If you have ever made it to Gainesville, Florida for a college football game, you understand The Swamp is a pretty special place. It’s the stadium Florida Gators fans have gathered on Saturdays for decades to watch star players like quarterback Tim Tebow dominate the gridiron. Everyone treats Ben Hill Griffin Stadium with respect and law enforcement officials are making sure it stays that way forever.
That’s why Christopher Maurice McCallum, a 27-year-old rapper from Ocala, Florida, was arrested earlier this week and charged with a very serious crime.
In a rap song posted to his Facebook account in late March, Jun Jun McCallum raps “catch you at a Gator game and shoot the whole campus up.” The song also included possibly committing violence at a Gainesville nightclub the next night, according to The Gainesville Sun.
McCallum was charged with sending a written threat to commit bodily injury. He was booked at Alcachua County Jail with a bond of $50,000.
Apparently, there is a feud between McCallum, Gainesville men, and another rapper, according to The Gainesville Sun via gainesville.com. The song also mentions a March 23 rap concert featuring Keyanta Bullard at a downtown nightclub called Eight Seconds, although nothing happened at the show.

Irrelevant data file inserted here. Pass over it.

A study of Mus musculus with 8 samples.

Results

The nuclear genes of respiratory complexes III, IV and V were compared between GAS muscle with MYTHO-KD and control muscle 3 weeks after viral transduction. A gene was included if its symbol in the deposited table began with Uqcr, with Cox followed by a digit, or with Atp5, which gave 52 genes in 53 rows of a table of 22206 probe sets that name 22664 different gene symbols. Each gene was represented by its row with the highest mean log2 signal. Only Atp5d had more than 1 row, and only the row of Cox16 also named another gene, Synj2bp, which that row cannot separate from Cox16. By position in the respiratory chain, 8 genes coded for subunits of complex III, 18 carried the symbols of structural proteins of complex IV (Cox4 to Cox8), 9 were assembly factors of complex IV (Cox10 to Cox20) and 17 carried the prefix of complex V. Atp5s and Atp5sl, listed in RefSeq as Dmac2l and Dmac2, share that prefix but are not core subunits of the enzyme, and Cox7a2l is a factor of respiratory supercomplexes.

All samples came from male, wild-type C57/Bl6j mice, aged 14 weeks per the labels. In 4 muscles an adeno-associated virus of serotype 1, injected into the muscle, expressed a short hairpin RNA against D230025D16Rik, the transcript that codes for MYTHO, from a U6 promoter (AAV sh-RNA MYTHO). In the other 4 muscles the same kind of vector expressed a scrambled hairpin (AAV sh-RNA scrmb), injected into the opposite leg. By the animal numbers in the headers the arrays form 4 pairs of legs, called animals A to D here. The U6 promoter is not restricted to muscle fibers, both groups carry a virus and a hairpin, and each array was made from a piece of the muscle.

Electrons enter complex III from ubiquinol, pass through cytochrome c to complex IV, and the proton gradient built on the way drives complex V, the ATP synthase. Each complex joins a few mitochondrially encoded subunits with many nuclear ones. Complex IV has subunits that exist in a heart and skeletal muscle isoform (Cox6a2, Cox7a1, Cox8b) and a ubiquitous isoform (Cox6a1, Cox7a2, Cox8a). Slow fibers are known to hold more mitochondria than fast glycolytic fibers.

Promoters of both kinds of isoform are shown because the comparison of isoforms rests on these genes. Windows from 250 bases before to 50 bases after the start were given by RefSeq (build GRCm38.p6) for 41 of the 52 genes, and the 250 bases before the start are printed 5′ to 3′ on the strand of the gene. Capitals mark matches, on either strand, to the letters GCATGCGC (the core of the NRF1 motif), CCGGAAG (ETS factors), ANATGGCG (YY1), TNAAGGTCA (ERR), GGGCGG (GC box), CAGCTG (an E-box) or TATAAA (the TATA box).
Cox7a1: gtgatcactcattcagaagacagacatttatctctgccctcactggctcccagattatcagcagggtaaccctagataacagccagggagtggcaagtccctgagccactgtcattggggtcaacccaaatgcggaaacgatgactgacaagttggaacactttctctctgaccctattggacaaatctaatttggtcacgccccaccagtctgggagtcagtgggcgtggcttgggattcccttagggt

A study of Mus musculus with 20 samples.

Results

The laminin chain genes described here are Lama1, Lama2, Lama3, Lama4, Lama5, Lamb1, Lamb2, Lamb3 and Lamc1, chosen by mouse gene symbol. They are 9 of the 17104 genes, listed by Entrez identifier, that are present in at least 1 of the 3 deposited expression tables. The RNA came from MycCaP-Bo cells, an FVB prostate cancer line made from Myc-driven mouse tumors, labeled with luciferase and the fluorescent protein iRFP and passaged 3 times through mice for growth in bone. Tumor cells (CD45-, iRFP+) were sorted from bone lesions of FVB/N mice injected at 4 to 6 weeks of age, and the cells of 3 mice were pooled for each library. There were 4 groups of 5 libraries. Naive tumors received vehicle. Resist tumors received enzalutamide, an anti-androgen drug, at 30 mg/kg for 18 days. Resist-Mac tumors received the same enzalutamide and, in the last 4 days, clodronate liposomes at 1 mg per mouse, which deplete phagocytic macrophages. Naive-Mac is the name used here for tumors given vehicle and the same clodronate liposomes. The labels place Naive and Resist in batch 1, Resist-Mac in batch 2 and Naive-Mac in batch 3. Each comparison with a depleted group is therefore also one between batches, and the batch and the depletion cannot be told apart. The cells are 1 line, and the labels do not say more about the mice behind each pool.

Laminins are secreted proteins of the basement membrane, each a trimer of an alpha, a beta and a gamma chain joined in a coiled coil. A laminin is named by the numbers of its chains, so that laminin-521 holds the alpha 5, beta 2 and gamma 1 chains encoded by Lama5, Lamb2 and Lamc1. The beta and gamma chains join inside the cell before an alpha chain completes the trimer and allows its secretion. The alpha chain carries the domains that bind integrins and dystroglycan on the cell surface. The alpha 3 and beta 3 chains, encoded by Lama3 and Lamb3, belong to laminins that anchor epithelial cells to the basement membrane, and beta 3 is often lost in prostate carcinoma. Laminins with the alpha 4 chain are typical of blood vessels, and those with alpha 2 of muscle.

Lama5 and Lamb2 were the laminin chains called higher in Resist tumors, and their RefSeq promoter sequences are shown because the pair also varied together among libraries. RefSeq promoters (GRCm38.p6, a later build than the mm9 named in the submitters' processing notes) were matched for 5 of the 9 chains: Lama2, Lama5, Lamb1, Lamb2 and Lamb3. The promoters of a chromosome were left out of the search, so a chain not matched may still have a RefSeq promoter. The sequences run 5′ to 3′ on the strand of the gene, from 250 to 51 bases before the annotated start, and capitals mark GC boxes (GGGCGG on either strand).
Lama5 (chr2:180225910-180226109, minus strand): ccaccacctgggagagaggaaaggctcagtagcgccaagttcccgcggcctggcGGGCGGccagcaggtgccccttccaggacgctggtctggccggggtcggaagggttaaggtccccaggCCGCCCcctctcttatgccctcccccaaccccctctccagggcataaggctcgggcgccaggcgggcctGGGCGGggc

Here’s a excerpt from the rap song posted on social media:
The Gainesville Sun reports a warrant was issued for the Florida rapper’s arrest on March 25, and he was booked in jail on Tuesday.
According to Lt. Brett Rhodenizer, via the paper, “threatening to kill or injure someone is a felony as is writing, composing, seined or procuring something that indicates the person will conduct a mass shooting or act of terrorism.”
“I have not listened to the entire song. My understanding is it was very specific as to locations… and concurrent with an upcoming concert. When the court process continues… and ultimately this is not a level of proof where he is proven guilty beyond a reasonable doubt, that’s the way the system is supposed to work. But is it probable cause to make an arrest in the interest of public safety? I think so.”
— Alachua County Sheriff’s Office’s Lt. Brett Rhodenizer
Although it’s up to the court system to decide what’s next, let it be known that threatening a shooting at a University of Florida football game, on the college campus, or anywhere else for that matter, is a very serious thing and common sense should tell you not to do it.